Mar 18, 2016 |
Categories: News |
A TBI, traumatic brain injury, can happen to anyone, whether it happens while playing sports, at work, or while taking a drive or leisurely walk on a sunny afternoon. Most people who suffer from a TBI will recover within a fairly short time period, but there is a significant minority that may develop chronic problems.
A TBI is caused by a bump, blow, or jolt to the head that disrupts the normal function of the brain. In other words, the brain damage results from (1) a sudden impact to the head by a contact force from the impacting object based on its size, mass, and density of the object or (2) significant acceleration or deceleration of the head by an inertial force, from the motion of the head and the brain within the skull. For instance, car accidents can involve contact forces due to substantial impacts with the steering wheel or airbag that result in brain damage at the point of impact, but most brain damage results from inertial forces due to significant acceleration and deceleration of the head.
TBIs are classified as mild, moderate, or severe depending on the location and extent of the injury. The type of brain injury that occurs depends on the types of forces that are acting on the head. A focal brain injury, which is an injury confined to one area of the brain as a result of the direct blow to the head, is produced by a contact force. A diffuse brain injury, which is an injury that occurs over a widespread area of the brain or throughout the brain as a result from brain tissue undergoing varying densities of acceleration at different rates, is produced by an inertial force. Many brain injuries are a combination of both focal and diffuse injuries, but each type of brain injury can occur alone. Diffuse brain injuries are much more difficult to document than focal brain injuries.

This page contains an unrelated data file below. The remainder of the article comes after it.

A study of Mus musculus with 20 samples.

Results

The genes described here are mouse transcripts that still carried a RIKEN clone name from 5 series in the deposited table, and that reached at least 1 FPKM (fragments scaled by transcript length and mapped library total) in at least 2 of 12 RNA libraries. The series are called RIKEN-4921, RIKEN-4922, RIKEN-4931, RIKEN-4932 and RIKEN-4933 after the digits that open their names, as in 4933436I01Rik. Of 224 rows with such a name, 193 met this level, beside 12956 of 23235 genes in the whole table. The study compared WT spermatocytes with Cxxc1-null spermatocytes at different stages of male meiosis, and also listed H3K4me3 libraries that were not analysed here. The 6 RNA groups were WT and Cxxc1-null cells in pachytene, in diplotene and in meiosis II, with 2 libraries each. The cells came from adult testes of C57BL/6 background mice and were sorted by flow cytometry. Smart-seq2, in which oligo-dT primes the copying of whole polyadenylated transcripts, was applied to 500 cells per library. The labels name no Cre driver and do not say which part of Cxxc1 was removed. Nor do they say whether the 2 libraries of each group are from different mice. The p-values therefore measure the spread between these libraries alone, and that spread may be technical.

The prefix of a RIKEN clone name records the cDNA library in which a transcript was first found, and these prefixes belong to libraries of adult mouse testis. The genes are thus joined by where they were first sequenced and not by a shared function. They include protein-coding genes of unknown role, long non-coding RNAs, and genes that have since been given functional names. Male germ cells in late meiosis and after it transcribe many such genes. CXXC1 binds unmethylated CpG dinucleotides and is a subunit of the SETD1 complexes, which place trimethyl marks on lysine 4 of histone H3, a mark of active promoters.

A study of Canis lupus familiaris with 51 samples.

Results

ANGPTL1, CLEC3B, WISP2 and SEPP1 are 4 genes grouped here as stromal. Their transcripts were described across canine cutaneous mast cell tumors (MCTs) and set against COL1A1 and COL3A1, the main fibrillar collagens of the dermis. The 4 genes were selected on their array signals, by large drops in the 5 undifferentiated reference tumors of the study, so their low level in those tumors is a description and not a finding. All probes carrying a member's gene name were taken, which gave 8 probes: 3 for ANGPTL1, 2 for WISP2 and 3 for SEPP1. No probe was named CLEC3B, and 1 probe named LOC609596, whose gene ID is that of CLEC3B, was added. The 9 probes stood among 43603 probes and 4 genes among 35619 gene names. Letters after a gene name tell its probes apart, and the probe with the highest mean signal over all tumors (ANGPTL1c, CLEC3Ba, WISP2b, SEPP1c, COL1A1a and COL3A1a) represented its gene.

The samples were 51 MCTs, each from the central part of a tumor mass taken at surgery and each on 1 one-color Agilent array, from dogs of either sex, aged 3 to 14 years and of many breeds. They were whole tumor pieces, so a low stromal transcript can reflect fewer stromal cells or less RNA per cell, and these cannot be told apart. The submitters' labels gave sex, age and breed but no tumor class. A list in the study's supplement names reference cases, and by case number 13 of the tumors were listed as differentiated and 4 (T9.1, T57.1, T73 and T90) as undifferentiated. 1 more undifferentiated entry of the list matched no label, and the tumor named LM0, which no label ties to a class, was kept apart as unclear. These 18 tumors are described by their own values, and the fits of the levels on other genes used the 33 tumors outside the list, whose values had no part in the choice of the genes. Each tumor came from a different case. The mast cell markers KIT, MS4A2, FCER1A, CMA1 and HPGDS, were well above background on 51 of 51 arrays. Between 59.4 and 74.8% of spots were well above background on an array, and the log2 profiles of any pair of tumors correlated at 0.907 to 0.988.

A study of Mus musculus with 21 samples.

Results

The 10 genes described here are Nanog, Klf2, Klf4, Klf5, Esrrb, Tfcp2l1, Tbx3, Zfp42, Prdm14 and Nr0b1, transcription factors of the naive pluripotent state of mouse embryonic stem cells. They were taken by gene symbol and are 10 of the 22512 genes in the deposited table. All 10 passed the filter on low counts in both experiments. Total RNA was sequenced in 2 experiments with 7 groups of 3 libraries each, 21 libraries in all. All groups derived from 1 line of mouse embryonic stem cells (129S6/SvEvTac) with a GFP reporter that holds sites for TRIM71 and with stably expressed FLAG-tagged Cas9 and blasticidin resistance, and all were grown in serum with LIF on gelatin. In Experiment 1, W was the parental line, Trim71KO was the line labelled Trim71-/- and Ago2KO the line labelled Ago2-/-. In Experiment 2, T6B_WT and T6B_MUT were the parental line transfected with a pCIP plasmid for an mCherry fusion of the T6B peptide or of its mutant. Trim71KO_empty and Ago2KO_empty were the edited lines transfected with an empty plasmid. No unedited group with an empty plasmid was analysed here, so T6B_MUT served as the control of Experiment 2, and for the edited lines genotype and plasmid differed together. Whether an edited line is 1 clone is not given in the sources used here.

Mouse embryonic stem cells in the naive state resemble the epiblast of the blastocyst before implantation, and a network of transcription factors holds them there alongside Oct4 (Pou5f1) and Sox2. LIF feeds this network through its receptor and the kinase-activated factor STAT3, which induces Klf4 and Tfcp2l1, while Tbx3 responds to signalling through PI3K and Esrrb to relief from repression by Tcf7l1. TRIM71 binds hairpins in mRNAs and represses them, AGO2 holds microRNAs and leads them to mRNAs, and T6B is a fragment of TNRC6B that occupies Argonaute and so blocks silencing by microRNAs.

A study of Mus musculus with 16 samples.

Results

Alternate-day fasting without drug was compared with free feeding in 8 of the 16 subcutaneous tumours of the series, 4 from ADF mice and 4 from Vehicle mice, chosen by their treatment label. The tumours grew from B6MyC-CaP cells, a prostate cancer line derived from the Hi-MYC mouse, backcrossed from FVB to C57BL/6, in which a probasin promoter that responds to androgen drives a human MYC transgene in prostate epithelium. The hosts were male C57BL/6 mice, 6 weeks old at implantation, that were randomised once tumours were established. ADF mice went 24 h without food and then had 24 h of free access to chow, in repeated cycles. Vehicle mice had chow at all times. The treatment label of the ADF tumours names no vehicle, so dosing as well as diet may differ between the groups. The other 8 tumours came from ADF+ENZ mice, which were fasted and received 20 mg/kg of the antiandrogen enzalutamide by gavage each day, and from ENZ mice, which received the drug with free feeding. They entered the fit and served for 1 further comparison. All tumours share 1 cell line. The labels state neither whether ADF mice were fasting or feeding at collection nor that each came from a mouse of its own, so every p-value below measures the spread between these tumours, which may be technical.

To picture this, imagine the brain as a ball with the the consistency of Jell-O. The Jell-O brain is floating in fluid, called the cerebrospinal fluid. The Jell-O brain and the fluid are encased by a very hard skull with a slightly rough inner surface of the skull. If you fall, hit your head, or move it too quickly, the brain gets jerked back and forth. The soft brain may strike itself on the inner portion of the skull with damage occurring from contact with the rough inner surface. The soft brain may get jerked forward and backwards, squishing the brain on itself and then stretching it as the head goes back and forth, with damage occurring to the nerve cells throughout the brain as they are stretched and torn, rendering them nonfunctional, either temporarily or potentially permanently.
According to research, up to 50% of patients discharged from the emergency department with minor head injury will develop post-concussion syndrome within 1 month of injury. Symptoms can range from mild and transient to disabling and constant. If you hit your head due to a fall or on an object or you were in a car accident, no matter how minor, please pay attention and document any symptoms of traumatic brain injury.
Cognitive symptoms include attention/concentration problems, memory loss, and confusion/disorientation, and impaired social judgment. Behavioral symptoms include irritability, depression, anxiety, sleep disturbances, problems with emotional control, and loss of initiative. Physical symptoms include headaches/migraines, dizziness, insomnia, fatigue, uneven gait, nausea, sensitivity to light and sound, blurred vision, and seizures. Rest is the mainstay of treatment for post-concussion syndrome, but if the symptoms are getting worse or they don't get better, it's time to see a brain injury specialist.